The new Nook management team is focused on managing the business efficiently so that it becomes financially strong while at the same time aggressively moving to drive revenue growth.”
Whatever the f— that means.
And in January The New York Times reported that digital sales at B&N during the holiday season in 2013 dropped 60% from the year before. In 2009 the Nook had 25% of the e-market. Now it holds 20%.
The Nook is a very fast, good machine.
We have Nook HD tablets at our house. We deliberately didn’t buy Kindles, because we wanted to throw some of our business to B&N, our bricks-and-mortar store.
I have found so many books at B&N over the years: Peter Stothard’s On the Spartacus Road, Karen E. Bender’s A Town of Empty Rooms, Rebecca Mead’s My Life in Middlemarch, and, most recently, William Gibson’s Zero History.
And I wouldn’t necessarily find these books at Amazon. I’m not saying I couldn’t, but they probably wouldn’t come up on the screen.
If they stop making the Nook , will another company take it over?
But on another note, I buy too many e-books. Do you ever miss real books? I recently bought Marjorie Kinnan Rawling’s The Yearling as an e-book. It has the original paintings by N. C. Wyeth, and I was excited that I could see the illustrations on the Nook. But wouldn’t it really be nicer to have the book? I also recently purchased D. J. Taylor’s Kept as an e-book, and very much wish I’d bought the real book because I will reread ait. The same with Elizabeth Spencer’s novels: I should have bought the real books.
I wonder if others are feeling the same way.
Angela Neustatter vs. Carolyn G. Heilburn. At 50something, I am hardly a fashionista. If I want to wear trendy baby-doll frocks, I assure you I will, but if I do you’ll know I’ve gone insane. I’ve already worn low-cut t-shirts for the last decade (inability to find others with higher necks), and my dermatologist does not care for the sunburn.
One lovely thing about the turning point of fifty is the independence from fashion. You can grow your hair, stop dyeing it, throw out your designer dresses (since mine were from Younkers, they don’t qualify as designer), and wear whatever you want.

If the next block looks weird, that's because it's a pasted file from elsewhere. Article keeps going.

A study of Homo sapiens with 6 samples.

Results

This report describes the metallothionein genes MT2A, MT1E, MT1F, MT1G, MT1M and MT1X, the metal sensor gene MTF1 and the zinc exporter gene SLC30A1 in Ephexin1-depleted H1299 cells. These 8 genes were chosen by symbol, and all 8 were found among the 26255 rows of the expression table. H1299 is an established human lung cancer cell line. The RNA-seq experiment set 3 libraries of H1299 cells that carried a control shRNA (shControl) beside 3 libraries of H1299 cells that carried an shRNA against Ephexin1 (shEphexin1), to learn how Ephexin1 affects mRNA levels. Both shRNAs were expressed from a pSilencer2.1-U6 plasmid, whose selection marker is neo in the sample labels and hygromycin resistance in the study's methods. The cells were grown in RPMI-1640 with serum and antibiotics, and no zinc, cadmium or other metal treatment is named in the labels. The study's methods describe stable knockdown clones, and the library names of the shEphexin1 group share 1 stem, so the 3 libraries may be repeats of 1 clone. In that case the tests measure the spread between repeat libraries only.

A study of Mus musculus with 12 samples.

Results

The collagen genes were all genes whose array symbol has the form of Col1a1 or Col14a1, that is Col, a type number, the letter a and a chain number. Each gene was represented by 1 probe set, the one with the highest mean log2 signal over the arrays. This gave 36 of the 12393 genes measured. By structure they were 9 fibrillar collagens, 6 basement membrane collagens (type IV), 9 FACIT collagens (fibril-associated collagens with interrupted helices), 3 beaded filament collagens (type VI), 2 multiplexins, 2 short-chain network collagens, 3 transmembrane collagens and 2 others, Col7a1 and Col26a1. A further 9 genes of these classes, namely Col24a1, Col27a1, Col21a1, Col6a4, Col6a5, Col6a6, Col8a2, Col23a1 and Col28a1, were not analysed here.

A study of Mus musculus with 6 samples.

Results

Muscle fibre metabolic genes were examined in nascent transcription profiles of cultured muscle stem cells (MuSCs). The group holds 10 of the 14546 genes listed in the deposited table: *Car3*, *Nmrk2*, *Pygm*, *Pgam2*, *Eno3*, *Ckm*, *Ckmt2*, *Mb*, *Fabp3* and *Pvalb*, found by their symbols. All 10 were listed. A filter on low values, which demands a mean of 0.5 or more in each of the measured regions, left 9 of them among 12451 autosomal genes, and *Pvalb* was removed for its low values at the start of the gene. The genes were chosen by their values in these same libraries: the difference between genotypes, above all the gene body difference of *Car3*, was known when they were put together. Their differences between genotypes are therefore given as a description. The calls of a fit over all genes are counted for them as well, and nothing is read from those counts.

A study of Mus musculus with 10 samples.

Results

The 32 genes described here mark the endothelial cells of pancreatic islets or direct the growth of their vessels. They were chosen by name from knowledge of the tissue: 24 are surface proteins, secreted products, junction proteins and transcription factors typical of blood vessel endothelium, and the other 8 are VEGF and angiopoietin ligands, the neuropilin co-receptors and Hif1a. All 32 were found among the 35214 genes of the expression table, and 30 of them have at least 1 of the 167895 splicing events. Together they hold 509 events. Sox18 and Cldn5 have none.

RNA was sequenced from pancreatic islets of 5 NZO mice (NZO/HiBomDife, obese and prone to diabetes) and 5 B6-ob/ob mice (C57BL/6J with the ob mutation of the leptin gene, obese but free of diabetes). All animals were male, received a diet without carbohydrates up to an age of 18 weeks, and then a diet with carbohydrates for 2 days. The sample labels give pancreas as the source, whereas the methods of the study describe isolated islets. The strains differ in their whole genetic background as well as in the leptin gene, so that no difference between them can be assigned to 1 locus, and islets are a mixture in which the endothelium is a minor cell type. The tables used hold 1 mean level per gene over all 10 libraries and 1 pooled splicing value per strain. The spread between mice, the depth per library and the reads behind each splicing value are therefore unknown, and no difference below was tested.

In other words, you can still have orgasms (have them daily, according to a very funny book I read on menopause), but you do not have to spend as much money to earn them.
Independence is the key word.
So I was annoyed to read an article in The Observer, “Forget beige – meet the women who are ageing with attitude.”
If we can’t wear beige, can we at least wear black?
Angela Neustatter, the 70ish author of The Year I Turn…: A Quirky A-Z about Age, does not believe in aging gracefully, i.e., growing gray, etc. She does look very young in her picture.
The article says, “Apart from a few “frumpy years” in her 50s, when she lost confidence in her right to wear leopardskin tights, author Angela Neustatter says she has never let age define her.”
And I thought, So I have to look ridiculous at 50, 60, and 70, too? Leopardskin tights do not look good on anybody.
Neustatter apparently believes aging women’s invisibility is caused by not following fashion.
Although, like all women, I suffer from fashion insecurity, I very much disagree that youth is the ticket to growing older. I prefer the philosophy of Carolyn G. Heilbrun in The Last Gift of Time: Life Beyond Sixty.
Trying to develop a crossroads–the point at which a woman has lived thirty years of adult life in one mode and must discover a new mode for the second thirty years likely to be granted her–I wanted to suggest, to (if I am honest) urge women to see this new life as different, as a time requiring the questioning of all previous habits, as, inevitable, a time of profound change.”